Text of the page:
There are a lot of things you can do at home to save energy (and money – woohoo!), but sometimes it’s a matter of finding time to implement them. With this being said, this process doesn’t have to be difficult, especially not when you’ve got specialist companies like Window World Oahu who exist. Whether you’re looking to replace the windows in your home to be more energy efficient or change the type of bulbs you use, these small steps can make a difference when it comes to living efficiently.
Sometimes we do things out of habit – like leave lights on in rooms that we’re no longer occupying, or leave computer monitors on when we step away (my husband drives me crazy doing that). Direct Energy’s Facebook page is a resource for sharing energy-saving tips with others. Here are my top easy-to-implement tips for making your home more energy-efficient:
1. Install a programmable or smart thermostat.
Programmable thermostats can be set to different temperatures on different times and days. Smart thermostats offer you the added convenience of programming away from home. If you’re big into the trend of ‘smart’ homes, your thermostat should be a major part of this. While it may require some crestron maintenance in london, connecting your thermostat to a smart home of your own means that you can control the temperature, as well as many other aspects of the home, at the touch of a button. I program our thermostat to 18 degrees Celsius when we’re home (though most people prefer 19-21 degrees Celsius), and 15-16 degrees Celsius when we’re out or sleeping. Similar devices can be used for other things like lights, which work by automating when they switch on and off, therefore helping you save on your energy consumption. You can source these devices here if they sound like they could be a good solution for you.
2. Go for LED light bulbs.
They are much more energy-efficient than traditional incandescent bulbs, and not mercury toxic like CFLs. Yes, LEDs are pricier than other bulbs up front – but they offer a lot more energy and money savings long-term. Don’t feel like you have to go and replace all of your lightbulbs all at once. I bought a few LEDs to have on hand so that when a bulb burns out, I replace that one with a new LED. Over the course of several years, I will have gradually switched over to LEDs, and I won’t really have noticed the higher up-front cost.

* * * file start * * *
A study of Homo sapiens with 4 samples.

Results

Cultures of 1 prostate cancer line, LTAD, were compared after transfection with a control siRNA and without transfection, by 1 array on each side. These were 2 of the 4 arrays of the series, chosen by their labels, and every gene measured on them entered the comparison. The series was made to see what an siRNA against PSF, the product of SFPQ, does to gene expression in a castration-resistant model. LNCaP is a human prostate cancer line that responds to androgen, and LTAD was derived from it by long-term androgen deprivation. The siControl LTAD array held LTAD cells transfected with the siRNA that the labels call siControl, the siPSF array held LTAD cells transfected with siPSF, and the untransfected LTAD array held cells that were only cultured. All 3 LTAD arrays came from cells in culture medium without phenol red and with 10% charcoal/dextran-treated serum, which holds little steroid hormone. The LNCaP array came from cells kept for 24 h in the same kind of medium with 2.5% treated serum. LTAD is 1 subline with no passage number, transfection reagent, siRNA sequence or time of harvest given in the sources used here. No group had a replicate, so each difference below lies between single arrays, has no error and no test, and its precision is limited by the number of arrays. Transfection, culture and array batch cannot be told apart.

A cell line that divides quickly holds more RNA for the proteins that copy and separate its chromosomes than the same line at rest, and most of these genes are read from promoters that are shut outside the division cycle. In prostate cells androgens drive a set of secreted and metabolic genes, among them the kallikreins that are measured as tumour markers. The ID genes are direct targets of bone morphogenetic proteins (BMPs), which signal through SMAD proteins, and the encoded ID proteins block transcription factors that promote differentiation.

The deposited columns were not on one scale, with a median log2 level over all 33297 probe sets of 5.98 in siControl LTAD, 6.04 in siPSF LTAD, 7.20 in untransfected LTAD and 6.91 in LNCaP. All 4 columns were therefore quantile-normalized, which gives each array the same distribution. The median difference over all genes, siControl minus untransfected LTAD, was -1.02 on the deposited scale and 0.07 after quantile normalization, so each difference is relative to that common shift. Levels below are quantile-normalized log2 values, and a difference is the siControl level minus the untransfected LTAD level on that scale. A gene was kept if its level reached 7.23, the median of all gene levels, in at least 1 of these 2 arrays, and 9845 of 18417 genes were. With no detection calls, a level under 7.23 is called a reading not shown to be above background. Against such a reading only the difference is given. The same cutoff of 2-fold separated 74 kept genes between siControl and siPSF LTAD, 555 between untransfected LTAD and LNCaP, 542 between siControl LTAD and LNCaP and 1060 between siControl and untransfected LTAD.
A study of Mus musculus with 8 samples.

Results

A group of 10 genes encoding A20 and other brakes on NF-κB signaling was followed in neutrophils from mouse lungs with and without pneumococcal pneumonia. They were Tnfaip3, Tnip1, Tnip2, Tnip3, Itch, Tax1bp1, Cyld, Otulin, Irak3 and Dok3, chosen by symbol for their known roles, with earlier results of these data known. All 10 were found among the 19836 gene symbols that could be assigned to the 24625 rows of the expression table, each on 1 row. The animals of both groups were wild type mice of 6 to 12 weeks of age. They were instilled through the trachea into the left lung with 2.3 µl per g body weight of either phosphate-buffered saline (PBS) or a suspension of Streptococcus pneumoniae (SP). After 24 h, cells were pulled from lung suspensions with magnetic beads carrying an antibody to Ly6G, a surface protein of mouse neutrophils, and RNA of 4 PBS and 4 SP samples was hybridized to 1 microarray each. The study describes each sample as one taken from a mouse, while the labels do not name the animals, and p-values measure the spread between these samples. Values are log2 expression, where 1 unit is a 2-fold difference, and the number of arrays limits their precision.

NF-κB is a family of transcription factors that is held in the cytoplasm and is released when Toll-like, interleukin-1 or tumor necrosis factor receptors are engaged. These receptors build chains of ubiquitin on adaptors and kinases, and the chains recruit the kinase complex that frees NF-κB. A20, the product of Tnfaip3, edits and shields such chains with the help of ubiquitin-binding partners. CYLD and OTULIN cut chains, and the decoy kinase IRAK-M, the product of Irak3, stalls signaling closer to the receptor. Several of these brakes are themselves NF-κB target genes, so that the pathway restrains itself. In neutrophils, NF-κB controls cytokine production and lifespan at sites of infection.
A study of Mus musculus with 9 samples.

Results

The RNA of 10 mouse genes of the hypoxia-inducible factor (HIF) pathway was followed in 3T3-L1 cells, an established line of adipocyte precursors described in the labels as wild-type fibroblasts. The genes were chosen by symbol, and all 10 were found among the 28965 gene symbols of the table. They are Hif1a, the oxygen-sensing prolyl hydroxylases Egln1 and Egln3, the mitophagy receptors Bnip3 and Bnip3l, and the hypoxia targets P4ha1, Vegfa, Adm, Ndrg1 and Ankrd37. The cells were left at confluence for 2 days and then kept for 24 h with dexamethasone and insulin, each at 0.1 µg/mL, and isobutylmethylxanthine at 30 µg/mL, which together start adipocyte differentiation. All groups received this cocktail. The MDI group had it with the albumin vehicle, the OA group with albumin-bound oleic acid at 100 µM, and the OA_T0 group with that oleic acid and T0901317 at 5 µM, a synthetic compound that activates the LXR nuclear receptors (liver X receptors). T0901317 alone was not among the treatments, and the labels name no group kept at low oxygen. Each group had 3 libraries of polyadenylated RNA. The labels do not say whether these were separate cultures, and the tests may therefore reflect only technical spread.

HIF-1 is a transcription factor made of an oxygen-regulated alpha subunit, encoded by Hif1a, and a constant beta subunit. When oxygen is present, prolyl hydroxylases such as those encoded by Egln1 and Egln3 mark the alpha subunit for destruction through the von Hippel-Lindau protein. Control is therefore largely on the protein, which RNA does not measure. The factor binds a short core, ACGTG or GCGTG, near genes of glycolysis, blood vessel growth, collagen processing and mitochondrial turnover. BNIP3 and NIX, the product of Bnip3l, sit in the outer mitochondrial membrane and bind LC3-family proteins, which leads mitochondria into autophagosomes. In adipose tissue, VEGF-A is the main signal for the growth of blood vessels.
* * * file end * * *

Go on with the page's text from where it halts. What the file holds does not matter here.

3. Replace the showerhead in your bathroom(s) with low flow showerheads.
These showerheads regulate the flow of water, giving you a more efficient shower without noticing much of a difference. I’m a fan of handheld showerheads because they also make cleaning your shower a lot easier.
4. Unplug energy sucking devices when they are not in use.
Or plug them into a programmable power strip that shuts them off. Common energy wasters include your computer, printer, DVD player, TV and phone charger. Any electronic devices that have little lights (even when turned off) are sucking energy. Unplug these electronics at night or when you are away from home, or program your power strip to shut them off when you don’t use them. I have our central TV, DVD player, and laptop plugged into a programmable power strip that automatically turns off at night, then turns on in the morning.
5. Do your laundry in cold water, and hang to dry instead of running the dryer.
Cold water can save you up to 90% of the energy used to wash clothes, according to the Sustainability at Home Toolkit from DavidSuzuki.org. This document also states that “an electric clothes-dryer can generate more than 6 pounds of greenhouse gases with every load. It can save the average household about $100 per year in energy costs.” There are lots of inexpensive clothes drying racks out there, and it’s easy to maximize your laundry space to include areas for hanging laundry. (And don’t forget to choose a chemical-free detergent, and skip the conventional chemical-laden dryer sheets!)
6. Turn down the temperature on your water heater.
According to the Sustainability at Home Toolkit from DavidSuzuki.org, every 5.5 degrees Celsius reduction can give you up to 13% in energy savings. Of course you can’t just get rid of your water heater, and you might find that if you have an old water heater, that you can make more savings by actually buying a new one (you can check out this site here for more information: Waterheaterreviewssite.com). It makes sense to buy a new one, particularly if your old one has seen better days anyway.
Want to share your ideas? Use the hashtag #DEsmarthome in your tweets, pins, facebook or instagram posts to share ideas with Direct Energy! If you live in Alberta, consider signing up for the Direct Energy Comfort & Control Plan. This 5-year dual fuel plan includes a fixed rate for your Alberta electricity (which won’t change for 5 years!) and flex-through Alberta natural gas with the security of a winter cap, plus a Nest Learning Thermostat (a Smart Thermostat that you can control from your mobile device!). Learn more on their Facebook page.
What are you doing to make your home more energy-efficient?
Full disclosure: this article is financially supported by Direct Energy.